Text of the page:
Warmest February on record
The weather definitely is changing, how much is down to natural processes and how much is caused by us humans, is another debate entirely!
It’s amazing (not to mention shocking) how some world leaders still deny climate change when here in Scotland we’ve had the driest January since records began (in this area) and the warmest February temperatures ever recorded, while on the other side of the pond Las Vegas is experiencing both snowfall and - a few days later - the hottest temperature ever! Bonkers!
Anyway, the effects of this warm winter are certainly visible in my garden; I have planted out my young cauliflower plants, (still covered because you just never know!); the birds are singing; the crocuses are flowering and I have even sat outside in the sun (instead of studying - I just can’t find much enthusiasm for wavelengths and mathematics). I’ve also noticed that the colt’s foot is flowering a month earlier than it did last year. Nature’s Calendar is an online recording system by the Woodland Trust, which asks members of the public to keep track of and record certain nature events, like the colt’s foot first flowering or the first cuckoo heard/seen. Biologists and ecologists use this information to see how weather is affecting wildlife. I have been doing this for a few years now and it is really cool to see the differences myself. So, now I know that in my garden, not only has the colt’s foot flowered over a month earlier than last year, but our ‘resident’ cuckoo has been coming over in exactly the same week every year! For a couple of years I’m sure it’s been on exactly the same date! Nature’s Calendar is free and easy to use and I would recommend giving it a go, if not to help research, then just for the sheer fun of it.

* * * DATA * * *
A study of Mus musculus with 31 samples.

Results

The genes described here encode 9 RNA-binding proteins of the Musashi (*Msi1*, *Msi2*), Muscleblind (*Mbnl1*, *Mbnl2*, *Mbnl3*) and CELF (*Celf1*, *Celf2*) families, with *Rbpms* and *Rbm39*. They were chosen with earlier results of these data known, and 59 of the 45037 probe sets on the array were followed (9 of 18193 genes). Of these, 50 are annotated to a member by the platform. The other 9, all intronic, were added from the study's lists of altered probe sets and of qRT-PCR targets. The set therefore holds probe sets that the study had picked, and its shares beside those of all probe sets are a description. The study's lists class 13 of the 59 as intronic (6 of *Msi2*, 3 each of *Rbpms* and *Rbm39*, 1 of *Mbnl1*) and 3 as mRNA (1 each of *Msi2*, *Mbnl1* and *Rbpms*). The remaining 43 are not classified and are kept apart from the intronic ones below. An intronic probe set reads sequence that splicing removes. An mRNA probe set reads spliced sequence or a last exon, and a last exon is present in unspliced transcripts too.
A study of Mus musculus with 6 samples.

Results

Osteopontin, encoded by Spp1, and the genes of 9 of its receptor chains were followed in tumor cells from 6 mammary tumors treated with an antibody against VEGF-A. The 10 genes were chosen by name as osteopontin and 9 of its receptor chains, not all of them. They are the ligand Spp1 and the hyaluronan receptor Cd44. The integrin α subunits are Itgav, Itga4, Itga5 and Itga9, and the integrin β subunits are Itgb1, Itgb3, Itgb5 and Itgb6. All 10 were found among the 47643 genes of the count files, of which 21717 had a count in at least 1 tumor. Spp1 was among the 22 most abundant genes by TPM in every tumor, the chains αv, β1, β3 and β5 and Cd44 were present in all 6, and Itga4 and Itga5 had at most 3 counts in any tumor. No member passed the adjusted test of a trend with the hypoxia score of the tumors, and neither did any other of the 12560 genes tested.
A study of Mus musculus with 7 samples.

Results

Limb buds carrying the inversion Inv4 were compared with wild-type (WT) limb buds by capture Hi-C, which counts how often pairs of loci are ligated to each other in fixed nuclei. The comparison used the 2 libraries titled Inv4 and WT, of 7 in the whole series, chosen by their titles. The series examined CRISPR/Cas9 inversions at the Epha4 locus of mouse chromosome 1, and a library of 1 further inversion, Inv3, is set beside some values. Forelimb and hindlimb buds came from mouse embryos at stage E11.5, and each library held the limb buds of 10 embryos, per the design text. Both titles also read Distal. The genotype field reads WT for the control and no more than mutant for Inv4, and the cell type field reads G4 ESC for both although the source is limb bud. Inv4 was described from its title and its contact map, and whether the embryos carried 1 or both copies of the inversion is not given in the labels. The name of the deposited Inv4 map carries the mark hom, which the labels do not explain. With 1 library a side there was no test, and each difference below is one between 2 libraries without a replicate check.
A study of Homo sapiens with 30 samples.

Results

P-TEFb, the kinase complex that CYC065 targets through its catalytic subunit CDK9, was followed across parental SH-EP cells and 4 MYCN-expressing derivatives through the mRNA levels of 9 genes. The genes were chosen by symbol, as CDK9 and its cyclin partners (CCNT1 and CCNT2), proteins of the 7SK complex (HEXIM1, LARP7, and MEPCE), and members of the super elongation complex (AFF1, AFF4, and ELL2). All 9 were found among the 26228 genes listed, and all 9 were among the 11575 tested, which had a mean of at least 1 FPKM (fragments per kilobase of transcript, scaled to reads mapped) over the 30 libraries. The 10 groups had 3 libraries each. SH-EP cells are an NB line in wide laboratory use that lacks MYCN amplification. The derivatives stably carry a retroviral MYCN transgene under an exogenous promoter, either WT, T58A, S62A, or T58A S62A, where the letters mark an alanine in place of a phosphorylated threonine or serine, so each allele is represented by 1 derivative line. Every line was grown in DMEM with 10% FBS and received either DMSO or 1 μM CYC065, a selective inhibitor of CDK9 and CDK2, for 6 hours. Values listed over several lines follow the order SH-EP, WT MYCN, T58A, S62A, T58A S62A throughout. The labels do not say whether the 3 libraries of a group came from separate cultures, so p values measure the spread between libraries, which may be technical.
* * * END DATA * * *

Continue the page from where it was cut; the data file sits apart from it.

March will also be the month when I start sowing cabbages and tomatoes and if the weather stays like this, I might even start planting the onions out in the garden. I have already started off my sweet peppers and chilli peppers and they are growing nicely. Because they need such a long growing season that it is better to sow them in January indoors on the window sill and then when they get too big, I plant them out in the greenhouse.